22.07.2012

Comment on "The Shock of the New: Progress in Schizophrenia Genomics" by Moore, Kelleher, and Corvin (Current Genomics, 2011, 12, 516-24)

Quote from 
The Shock of the New: Progress in Schizophrenia Genomics
Current Genomics, 2011, 12, 516-524
Susan Moore, Eric Kelleher and Aiden Corvin


"... (a)s has been the consistent theme across common disorders, initial schizophrenia GWAS findings explain only a modest proportion of the variance in susceptibility. A significant proportion of the remainder may involve a polygenic component including hundreds, if not thousands, of common alleles of small effect. Using a polygene score method, the International Schizophrenia Consortium identified substantial overlap in common putative risk alleles of small effect across both  schizophrenia and bipolar samples and estimated that these explained at least one-third of total variation in liability. From the emerging GWAS data, many of the associated loci appear to confer liability to both schizophrenia and bipolar disorder."

Comment: 
"The shock of the new" was an a posteriori justification of early modern works -ethically, esthetically, and epistemologically.

The article I cite above has a strictly empiricist approach to mental illness; therefore it is not surpising that the title refers to the "shock" metaphor: Logical empiricism, like the art, fiction, or the poetry of the time,  represents the early 20th century modernity, and the cited paper attempts to justify a purely empiricist approach to mental illness in the same manner.
The problem here is that defending a purely atheoretical (hypothesis-free), highly technology-dependent (i.e., highly disinterested) empirical approach to mental illness is not as straightforward as the article implies: Compared to illnesses defined by a uniform -though not necessarily absolute- somatic manifestation that is observable or measurable out of a context involving subjective experience and human interaction, mental phenomena -including mental illnesses- present a bigger challenge to scientific investigation. Type 2 diabetes is a good example for the former -being based simply on blood glucose levels for identification (diagnosis) without a specific cut-off point or even a level of measurement sensitivity that remain constant in the view of experts-; all the more so because the GWAS findings for DM2 are almost equal in their degree of robustness / controversiality to, say, schizophrenia.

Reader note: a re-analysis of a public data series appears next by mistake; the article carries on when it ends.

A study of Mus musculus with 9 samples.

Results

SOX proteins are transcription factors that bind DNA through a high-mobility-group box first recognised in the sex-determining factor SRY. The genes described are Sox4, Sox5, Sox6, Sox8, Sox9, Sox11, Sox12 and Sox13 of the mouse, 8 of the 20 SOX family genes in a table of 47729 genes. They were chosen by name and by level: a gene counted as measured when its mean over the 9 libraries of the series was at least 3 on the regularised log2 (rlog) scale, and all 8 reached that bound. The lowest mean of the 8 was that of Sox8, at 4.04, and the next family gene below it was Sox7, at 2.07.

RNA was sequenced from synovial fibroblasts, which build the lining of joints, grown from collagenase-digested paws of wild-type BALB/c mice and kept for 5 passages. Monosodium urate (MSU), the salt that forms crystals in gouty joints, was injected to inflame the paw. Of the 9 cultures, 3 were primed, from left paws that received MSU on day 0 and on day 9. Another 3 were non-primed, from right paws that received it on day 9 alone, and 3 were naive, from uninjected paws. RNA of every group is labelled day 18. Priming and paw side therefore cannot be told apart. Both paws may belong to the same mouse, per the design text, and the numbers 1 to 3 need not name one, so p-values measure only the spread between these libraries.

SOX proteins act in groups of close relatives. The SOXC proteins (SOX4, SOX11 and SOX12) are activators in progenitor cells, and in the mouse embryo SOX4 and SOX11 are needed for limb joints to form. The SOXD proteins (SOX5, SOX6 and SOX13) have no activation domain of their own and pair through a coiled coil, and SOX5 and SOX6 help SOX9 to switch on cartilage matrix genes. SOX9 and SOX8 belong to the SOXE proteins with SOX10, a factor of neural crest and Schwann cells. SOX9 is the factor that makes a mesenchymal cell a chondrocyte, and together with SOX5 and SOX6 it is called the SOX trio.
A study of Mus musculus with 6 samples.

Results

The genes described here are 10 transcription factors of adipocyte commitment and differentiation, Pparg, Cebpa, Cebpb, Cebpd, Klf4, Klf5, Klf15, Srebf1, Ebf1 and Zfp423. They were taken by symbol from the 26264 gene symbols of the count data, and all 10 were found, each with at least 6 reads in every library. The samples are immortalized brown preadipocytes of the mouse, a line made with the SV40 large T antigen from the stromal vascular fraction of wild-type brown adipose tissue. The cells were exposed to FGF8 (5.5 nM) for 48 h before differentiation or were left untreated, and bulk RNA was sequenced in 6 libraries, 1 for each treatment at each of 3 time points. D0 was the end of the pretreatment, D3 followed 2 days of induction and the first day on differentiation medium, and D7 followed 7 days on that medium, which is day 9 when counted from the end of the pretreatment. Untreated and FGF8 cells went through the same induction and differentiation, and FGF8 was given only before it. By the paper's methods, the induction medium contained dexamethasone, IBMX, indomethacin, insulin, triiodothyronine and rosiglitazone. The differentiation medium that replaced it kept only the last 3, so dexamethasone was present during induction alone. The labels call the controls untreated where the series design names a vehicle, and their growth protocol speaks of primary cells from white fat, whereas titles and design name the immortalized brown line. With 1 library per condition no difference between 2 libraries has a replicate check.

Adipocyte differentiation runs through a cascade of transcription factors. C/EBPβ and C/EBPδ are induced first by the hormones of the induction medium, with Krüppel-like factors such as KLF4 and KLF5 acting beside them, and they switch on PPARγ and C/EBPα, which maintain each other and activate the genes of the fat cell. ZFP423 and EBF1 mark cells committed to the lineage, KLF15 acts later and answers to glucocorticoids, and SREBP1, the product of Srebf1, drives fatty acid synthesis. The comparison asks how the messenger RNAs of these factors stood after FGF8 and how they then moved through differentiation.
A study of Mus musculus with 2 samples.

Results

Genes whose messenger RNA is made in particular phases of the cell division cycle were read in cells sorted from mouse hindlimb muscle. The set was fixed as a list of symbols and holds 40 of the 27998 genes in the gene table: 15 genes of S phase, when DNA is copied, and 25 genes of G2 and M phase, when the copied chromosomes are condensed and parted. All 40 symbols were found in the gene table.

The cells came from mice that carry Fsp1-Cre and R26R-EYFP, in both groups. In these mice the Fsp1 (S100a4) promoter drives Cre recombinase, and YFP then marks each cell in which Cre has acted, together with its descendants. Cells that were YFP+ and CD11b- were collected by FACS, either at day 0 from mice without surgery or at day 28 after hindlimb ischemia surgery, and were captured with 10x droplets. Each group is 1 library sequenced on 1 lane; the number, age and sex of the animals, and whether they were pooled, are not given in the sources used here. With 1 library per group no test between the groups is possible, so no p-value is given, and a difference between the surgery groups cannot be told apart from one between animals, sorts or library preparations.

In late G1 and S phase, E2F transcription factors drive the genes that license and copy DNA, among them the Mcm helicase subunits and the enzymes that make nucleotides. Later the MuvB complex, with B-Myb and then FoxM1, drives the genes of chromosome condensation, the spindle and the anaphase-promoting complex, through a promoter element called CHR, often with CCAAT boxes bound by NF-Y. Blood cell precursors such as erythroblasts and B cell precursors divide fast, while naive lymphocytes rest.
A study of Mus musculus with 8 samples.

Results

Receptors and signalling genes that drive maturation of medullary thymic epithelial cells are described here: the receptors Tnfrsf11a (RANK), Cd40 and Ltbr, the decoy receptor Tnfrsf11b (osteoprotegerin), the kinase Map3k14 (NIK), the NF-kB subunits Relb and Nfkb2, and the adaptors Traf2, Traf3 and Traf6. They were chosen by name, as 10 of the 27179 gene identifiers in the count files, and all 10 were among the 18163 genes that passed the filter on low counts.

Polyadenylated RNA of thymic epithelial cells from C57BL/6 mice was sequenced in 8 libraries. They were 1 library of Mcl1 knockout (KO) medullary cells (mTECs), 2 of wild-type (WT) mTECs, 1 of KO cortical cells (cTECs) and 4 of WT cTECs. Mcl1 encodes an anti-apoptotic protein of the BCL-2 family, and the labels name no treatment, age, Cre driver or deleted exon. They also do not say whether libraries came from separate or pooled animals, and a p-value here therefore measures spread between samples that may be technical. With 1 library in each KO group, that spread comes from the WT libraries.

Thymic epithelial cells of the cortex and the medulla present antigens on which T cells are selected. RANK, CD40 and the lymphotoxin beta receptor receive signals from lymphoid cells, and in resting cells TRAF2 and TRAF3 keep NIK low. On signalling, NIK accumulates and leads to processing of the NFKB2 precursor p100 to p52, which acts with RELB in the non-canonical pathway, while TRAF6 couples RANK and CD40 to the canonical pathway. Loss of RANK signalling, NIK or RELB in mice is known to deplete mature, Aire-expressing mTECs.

i.e., while empirical scientific scrutiny may be a reasonable method in the search for the mechanisms of phenomena that are perceived / recognized on a uniformly empirical basis at all times, the same method may be misleading in the investigation of phenomena that are perceived/ recognized in the context of human interaction.
i.e., objects and phenomena lend themselves to empirical investigation only if they are uniformly identified by empirical observation. 
My argument is value-laden (it involves a value choice and it is not justifiable by facts alone) in that it attributes a special -an arguably anthopocentric, hence value-laden- quality to human interaction, differentiating it from other natural phenomena and placing it beyond the realm of disinterested observation. Then again, what would falsify this argument, if all human behavior, including scientific inquiry, involves varying degrees of subjectivity / value choice?
Does all human behavior, including scientific inquiry, involve varying degrees of subjectivity / value choice?
That no answer to this question can be defended on solely rational grounds is a dilemma -at least to my poorly human capacity of ... reasoning (or calculating, if you will).